Different Gender in Nouns
Is there a reason that nouns in German have different genders? (Example: "die Suppe" or "der Apfel")
There's no reason if you mean someone planned it that way. Lots of languages have noun gender. You just have to accept that's the way it is and be sure to learn the gender along with the noun. Learning the plural form at the same time is pretty useful too.
Don't get hung up on the word gender. Just think of them as different categories of nouns.
Apart from German, languages like French, Spanish, Italian all have noun genders, originating from Latin. They're basically loose categories in which to put nouns, for example, abstract concepts are feminine in most of these languages. In some cases it is necessary to specify the gender in order to differentiate between possible meanings, for example in French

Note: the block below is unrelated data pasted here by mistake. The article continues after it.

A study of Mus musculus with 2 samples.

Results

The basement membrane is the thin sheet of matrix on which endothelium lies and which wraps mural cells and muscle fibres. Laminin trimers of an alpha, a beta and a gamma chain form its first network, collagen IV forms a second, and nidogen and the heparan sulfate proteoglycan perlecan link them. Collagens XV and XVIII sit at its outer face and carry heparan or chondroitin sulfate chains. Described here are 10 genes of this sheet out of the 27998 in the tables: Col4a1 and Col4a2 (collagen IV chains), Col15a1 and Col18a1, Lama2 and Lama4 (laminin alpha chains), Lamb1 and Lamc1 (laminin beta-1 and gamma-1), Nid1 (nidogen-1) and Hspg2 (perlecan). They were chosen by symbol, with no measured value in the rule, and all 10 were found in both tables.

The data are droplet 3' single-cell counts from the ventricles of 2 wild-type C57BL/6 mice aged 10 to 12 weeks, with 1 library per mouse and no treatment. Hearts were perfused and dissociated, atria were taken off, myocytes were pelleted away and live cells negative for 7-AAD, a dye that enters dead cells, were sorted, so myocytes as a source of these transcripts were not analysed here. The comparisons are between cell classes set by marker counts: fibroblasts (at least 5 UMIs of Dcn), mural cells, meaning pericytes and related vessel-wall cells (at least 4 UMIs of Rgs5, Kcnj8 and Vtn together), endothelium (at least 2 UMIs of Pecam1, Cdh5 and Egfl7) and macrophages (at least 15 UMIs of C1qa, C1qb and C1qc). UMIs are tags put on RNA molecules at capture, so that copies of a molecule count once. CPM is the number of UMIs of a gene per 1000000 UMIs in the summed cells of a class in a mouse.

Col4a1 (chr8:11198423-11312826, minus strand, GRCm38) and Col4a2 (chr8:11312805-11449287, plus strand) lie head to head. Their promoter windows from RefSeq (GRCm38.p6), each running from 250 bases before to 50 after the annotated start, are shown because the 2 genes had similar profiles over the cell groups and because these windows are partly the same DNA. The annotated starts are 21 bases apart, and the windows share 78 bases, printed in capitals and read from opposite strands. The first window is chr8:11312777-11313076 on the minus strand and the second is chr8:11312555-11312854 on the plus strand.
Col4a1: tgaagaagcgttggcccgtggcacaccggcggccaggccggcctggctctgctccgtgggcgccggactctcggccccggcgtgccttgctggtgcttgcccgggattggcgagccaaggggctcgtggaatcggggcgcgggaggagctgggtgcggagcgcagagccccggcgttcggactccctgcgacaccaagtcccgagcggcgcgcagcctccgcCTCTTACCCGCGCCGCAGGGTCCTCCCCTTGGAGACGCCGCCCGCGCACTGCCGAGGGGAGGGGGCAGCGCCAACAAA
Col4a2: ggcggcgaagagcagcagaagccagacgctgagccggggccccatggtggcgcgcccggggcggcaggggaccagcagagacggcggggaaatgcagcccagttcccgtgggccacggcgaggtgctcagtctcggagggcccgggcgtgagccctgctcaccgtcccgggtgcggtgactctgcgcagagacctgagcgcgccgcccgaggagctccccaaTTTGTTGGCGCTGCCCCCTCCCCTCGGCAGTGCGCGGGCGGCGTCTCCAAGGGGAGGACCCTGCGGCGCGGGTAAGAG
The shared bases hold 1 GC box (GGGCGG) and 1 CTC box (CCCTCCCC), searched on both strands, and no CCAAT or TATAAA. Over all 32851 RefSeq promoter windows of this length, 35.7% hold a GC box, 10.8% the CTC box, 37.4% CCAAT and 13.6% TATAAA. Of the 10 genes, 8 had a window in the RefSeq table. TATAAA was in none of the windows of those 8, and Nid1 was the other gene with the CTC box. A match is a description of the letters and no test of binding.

la tour (fem.) means the tower
le tour (masc.) can mean the turn
So you'll have to start out by learning the genders along with the words, and eventually you'll get a vague understanding of how these categories work. Vague because even native speakers won't be able to tell you why apples are male and potatoes are female
Unfortunately, you have to memorize them because they are VERY imortant because of 4 different cases where the article change its form to a new one. Fortunately there are some "roots" where it can be easy to recognize the gender of noun. For example, i know that words that ends in -heit, -keit, -tät, -ung, -schaft (and probably other more) are feminine like : die Qualität, die Freizeit, die Landwirtschaft etc. Another ones that i remember are -um -nis used for neutral nouns (das Ereignis etc).
Some nouns have a definitive gender like male professions (for example der Polizist) the same for feminine (die Kellnerin), all months are always masculine, flowers are always feminine, all materials are always neutral and so on. I have only this in mind but if you go to search on the web, you'll find more detailed informations about "the rules" of these nouns.